CHICAGO — Accidental overdoses aren’t the only deadly risk from using powerful prescription painkillers. The drugs may also contribute to heart-related deaths and other fatalities, new research suggests.
Among more than 45,000 patients in the study, those using opioid painkillers had a 64 percent higher risk of dying within six months of starting treatment, compared to patients taking other prescription pain medicine. Unintentional overdoses accounted for about 18 percent of the deaths among opioid users, versus 8 percent of the other patients.
‘‘As bad as people think the problem of opioid use is, it’s probably worse,’’ said Wayne Ray, the lead author and a health policy professor at Vanderbilt University’s medical school. ‘‘They should be a last resort, and particular care should be exercised for patients who are at cardiovascular risk.’’
His caution echoes recent advice from the Centers for Disease Control and Prevention, trying to stem the nation’s opioid epidemic. The problem includes abuse of street drugs like heroin and overuse of prescription opioids such as hydrocodone, codeine, and morphine. The drugs can slow breathing and can worsen disrupted breathing that occurs with sleep apnea, potentially leading to irregular heartbeats, heart attacks, or sudden death, the study authors said.
In 2014, there were more than 14,000 fatal overdoses linked with the painkillers in the United States.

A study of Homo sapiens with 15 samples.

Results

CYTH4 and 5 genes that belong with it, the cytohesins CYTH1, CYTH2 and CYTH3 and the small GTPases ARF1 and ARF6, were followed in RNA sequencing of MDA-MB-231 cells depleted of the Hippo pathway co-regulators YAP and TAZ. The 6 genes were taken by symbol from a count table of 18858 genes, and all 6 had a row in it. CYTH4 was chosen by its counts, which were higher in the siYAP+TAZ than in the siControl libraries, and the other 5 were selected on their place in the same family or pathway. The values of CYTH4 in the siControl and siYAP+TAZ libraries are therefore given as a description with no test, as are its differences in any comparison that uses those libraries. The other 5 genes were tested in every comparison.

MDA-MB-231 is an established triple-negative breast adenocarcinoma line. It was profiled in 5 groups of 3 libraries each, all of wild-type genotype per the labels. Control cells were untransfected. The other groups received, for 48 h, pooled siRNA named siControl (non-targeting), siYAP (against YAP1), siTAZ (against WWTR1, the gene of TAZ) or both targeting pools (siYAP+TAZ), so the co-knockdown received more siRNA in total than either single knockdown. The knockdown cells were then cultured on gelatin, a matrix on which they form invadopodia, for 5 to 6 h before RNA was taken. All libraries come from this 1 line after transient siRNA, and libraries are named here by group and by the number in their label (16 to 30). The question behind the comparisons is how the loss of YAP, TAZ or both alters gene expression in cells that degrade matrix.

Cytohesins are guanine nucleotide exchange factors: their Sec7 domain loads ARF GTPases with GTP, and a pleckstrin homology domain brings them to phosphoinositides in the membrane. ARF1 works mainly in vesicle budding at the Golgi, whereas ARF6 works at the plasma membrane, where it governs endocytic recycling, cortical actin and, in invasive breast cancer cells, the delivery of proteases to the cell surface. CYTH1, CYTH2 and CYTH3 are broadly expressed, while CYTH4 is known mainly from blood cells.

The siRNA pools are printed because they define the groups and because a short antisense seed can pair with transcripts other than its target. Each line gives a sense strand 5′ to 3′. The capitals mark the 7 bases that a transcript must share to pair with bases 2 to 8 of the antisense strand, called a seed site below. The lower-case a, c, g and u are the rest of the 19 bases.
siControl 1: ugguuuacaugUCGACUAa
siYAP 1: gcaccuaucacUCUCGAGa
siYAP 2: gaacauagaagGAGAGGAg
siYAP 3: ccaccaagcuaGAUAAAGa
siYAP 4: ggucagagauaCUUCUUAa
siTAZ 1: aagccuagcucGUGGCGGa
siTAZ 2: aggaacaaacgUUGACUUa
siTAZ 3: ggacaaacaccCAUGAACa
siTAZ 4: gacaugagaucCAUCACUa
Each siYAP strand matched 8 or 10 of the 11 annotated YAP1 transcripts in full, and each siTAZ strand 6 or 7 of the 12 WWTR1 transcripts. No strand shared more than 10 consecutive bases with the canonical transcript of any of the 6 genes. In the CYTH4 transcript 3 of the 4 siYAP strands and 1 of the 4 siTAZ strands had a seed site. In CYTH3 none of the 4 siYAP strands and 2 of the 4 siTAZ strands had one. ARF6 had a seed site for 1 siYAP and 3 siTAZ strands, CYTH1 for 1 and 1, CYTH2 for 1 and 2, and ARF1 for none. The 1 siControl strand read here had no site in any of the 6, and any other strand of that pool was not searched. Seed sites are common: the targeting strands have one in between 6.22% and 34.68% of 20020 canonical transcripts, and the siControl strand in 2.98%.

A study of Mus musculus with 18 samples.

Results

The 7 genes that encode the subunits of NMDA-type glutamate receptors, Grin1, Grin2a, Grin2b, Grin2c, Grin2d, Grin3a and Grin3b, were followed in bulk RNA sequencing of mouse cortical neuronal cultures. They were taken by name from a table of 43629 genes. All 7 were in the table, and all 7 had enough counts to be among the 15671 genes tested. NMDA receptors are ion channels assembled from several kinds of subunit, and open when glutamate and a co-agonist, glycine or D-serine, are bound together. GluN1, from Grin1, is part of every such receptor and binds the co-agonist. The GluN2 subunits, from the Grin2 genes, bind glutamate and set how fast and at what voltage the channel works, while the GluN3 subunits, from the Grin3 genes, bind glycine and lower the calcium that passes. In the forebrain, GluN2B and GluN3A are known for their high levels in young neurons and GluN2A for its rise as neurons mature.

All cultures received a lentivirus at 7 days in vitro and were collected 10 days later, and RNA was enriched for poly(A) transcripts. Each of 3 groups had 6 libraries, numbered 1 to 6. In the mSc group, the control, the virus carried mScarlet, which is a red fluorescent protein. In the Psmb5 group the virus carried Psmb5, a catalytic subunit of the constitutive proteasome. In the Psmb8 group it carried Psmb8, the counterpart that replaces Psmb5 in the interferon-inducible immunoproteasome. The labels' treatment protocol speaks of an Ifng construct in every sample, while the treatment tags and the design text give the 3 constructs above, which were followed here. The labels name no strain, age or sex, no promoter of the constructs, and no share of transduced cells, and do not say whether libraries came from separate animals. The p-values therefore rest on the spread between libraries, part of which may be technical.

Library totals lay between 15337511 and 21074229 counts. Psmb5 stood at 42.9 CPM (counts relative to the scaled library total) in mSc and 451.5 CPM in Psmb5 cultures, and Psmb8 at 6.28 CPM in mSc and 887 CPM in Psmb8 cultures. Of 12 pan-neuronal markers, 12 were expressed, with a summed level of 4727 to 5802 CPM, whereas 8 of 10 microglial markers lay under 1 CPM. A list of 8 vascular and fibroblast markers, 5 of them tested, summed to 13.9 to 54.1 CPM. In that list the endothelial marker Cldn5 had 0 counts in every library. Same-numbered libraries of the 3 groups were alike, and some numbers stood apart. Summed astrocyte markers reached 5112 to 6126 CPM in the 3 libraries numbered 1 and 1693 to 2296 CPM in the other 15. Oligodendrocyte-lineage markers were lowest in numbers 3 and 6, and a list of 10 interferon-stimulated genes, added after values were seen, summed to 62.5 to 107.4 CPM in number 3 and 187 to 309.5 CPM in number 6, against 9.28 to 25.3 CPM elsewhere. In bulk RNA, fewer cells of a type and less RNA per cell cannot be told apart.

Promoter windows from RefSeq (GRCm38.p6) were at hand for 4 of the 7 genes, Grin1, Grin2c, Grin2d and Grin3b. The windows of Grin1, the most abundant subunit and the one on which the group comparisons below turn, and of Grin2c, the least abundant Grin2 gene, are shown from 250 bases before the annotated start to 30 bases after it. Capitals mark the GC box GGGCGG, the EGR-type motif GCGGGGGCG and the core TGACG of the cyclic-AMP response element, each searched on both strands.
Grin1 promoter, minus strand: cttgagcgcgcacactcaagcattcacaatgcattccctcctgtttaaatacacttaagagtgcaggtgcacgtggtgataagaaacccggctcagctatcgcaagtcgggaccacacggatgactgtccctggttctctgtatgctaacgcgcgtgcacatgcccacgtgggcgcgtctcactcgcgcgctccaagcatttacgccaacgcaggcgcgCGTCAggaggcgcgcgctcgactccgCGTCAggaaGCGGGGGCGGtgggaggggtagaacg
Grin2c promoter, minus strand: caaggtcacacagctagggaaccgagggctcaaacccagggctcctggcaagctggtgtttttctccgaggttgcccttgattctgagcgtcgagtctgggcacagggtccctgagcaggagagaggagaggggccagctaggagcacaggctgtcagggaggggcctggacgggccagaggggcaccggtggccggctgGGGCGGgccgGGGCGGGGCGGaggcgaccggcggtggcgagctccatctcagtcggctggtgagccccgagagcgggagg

The study suggests even more have died from causes linked with the drugs, and bolster evidence in previous research linking them with heart problems.
The study involved more than 45,000 adult Medicaid patients in Tennessee from 1999 to 2012.
The results were published Tuesday in the Journal of the American Medical Association.
The study involved only Medicaid patients, who include low-income and disabled adults and who are among groups disproportionately affected by opioid abuse.
Ray noted that the study excluded the sickest patients and those with any evidence of drug abuse. He said similar results would probably be found in other groups.
Dr. Chad Brummett, director of pain research at the University of Michigan Health System, said the study highlights risks from the drugs in a novel way and underscores why their use should be limited.
‘‘We’ve sounded the alarm over and over again,’’ Brummett said.
Other research has suggested that the drugs aren’t effective at reducing back pain and some of the other common conditions for which they’re often prescribed.